Annual Student-Organized Global Affairs Conference

The Rohatyn Center's Annual Student-Organized Global Affairs Conference, inaugurated in 2014, gives students the opportunity to design, plan, and execute their own conference with the financial and logistical support of the Rohatyn Center and its Student Advisory Board.

For more information about individual conferences, please use the links in the sidebar to the left.

If you are interested in organizing the next Student-Organized Global Affairs Conference on January 23-24th, 2019, keep in mind the following guidelines:

- The topic has to be globally oriented. Avoid focusing on one country, nation or region!

- You are encouraged to organize it in groups. There is power in numbers! It will enable you to organize, split responsibilities, and execute a superb event. 

- Apply by October 17, 2018!

  • When is the conference?
    • January 23-24, 2019

  • Why should I apply?
    • To design new ways to explore questions you’ve encountered in the classroom
    • To facilitate dialogue in the Middlebury community with experts from outside and within the community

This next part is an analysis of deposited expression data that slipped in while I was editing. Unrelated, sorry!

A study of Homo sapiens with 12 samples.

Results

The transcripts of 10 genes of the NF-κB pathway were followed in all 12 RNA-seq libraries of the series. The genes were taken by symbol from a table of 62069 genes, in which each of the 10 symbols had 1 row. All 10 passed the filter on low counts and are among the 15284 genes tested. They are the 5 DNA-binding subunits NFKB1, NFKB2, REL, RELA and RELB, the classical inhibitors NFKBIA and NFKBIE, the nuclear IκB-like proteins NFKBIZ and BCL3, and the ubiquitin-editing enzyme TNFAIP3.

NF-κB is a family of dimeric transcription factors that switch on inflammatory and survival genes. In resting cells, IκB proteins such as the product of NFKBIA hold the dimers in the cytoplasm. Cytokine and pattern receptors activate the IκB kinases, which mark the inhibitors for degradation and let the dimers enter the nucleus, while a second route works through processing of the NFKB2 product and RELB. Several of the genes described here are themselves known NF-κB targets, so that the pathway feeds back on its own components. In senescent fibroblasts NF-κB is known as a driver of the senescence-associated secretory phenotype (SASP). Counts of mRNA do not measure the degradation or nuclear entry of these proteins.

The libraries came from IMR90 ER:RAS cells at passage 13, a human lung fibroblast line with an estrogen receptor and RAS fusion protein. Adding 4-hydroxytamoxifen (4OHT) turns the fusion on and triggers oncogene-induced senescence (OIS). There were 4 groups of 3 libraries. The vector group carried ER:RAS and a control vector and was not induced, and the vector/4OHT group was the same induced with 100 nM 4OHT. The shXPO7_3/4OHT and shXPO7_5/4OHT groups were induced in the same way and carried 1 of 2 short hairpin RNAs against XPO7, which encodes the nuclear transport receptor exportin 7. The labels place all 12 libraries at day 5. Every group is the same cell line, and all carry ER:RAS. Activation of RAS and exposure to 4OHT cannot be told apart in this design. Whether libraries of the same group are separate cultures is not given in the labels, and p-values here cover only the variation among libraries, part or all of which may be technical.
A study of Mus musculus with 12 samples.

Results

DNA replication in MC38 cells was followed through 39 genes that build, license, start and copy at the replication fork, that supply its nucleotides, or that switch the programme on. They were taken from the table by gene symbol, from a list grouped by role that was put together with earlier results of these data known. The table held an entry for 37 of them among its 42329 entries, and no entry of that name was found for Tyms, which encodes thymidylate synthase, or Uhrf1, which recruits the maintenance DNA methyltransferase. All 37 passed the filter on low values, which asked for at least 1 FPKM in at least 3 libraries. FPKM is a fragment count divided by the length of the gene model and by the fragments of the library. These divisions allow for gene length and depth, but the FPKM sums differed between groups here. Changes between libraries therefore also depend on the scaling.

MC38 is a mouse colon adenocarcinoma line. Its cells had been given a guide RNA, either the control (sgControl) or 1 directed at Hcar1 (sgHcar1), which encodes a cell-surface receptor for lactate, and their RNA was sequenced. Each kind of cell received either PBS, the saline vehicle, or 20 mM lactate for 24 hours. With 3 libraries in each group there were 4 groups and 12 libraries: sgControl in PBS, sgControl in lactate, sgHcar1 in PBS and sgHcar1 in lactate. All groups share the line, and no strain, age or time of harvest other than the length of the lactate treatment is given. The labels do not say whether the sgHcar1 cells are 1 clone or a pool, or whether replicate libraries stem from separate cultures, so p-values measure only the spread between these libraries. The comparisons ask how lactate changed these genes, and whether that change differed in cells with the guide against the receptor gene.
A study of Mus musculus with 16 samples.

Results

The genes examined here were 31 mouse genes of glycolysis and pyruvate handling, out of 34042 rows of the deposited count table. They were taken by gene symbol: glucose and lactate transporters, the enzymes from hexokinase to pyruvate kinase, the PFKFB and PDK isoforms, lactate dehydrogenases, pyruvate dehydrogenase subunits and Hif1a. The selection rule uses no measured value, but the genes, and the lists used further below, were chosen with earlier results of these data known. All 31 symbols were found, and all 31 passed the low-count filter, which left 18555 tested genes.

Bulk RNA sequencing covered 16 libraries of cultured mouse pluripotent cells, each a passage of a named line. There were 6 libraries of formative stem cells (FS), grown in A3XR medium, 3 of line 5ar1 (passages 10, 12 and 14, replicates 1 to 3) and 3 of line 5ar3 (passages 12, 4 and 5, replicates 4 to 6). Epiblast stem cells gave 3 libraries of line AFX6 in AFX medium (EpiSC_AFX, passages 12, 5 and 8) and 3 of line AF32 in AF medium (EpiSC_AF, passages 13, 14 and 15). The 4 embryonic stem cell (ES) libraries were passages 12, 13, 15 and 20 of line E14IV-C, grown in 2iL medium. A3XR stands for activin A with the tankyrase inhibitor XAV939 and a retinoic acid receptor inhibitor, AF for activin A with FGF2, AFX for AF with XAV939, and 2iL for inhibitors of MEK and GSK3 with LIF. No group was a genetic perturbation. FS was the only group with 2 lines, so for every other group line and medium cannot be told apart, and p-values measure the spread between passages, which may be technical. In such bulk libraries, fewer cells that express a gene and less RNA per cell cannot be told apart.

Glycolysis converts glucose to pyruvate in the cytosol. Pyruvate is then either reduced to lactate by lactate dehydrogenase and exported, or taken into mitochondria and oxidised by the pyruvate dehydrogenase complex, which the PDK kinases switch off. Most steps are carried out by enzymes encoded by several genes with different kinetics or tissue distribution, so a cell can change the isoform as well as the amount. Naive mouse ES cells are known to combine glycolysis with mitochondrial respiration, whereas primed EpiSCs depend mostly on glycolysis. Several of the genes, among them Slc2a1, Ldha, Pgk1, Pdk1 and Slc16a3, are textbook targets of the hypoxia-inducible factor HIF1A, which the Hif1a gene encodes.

• You have the chance to use $5,000 to transform your ideas on paper into a real, professional conference!
  • What do I need to know to apply?
    • Topics should be globally relevant, as well as diverse in geographic and disciplinary perspectives
    • The more global and/or international your proposal is, the stronger it will be
    • The more multi-disciplinary your proposal is, the stronger it will be
  • Do I have to be a certain major to apply?
    • No! Any and all majors are welcome to apply
    • TIP: Applying in a group lends itself to being more multi-disciplinary

  • What does global even mean?
    • Global and international are DIFFERENT. But you can apply either or both to your topic.
    • International is tied to the nation-state system and usually refers to two or more countries
    • Whereas global does not necessarily depend on specific locations or institutional entities. It transcends boundaries—both geographic and disciplinary.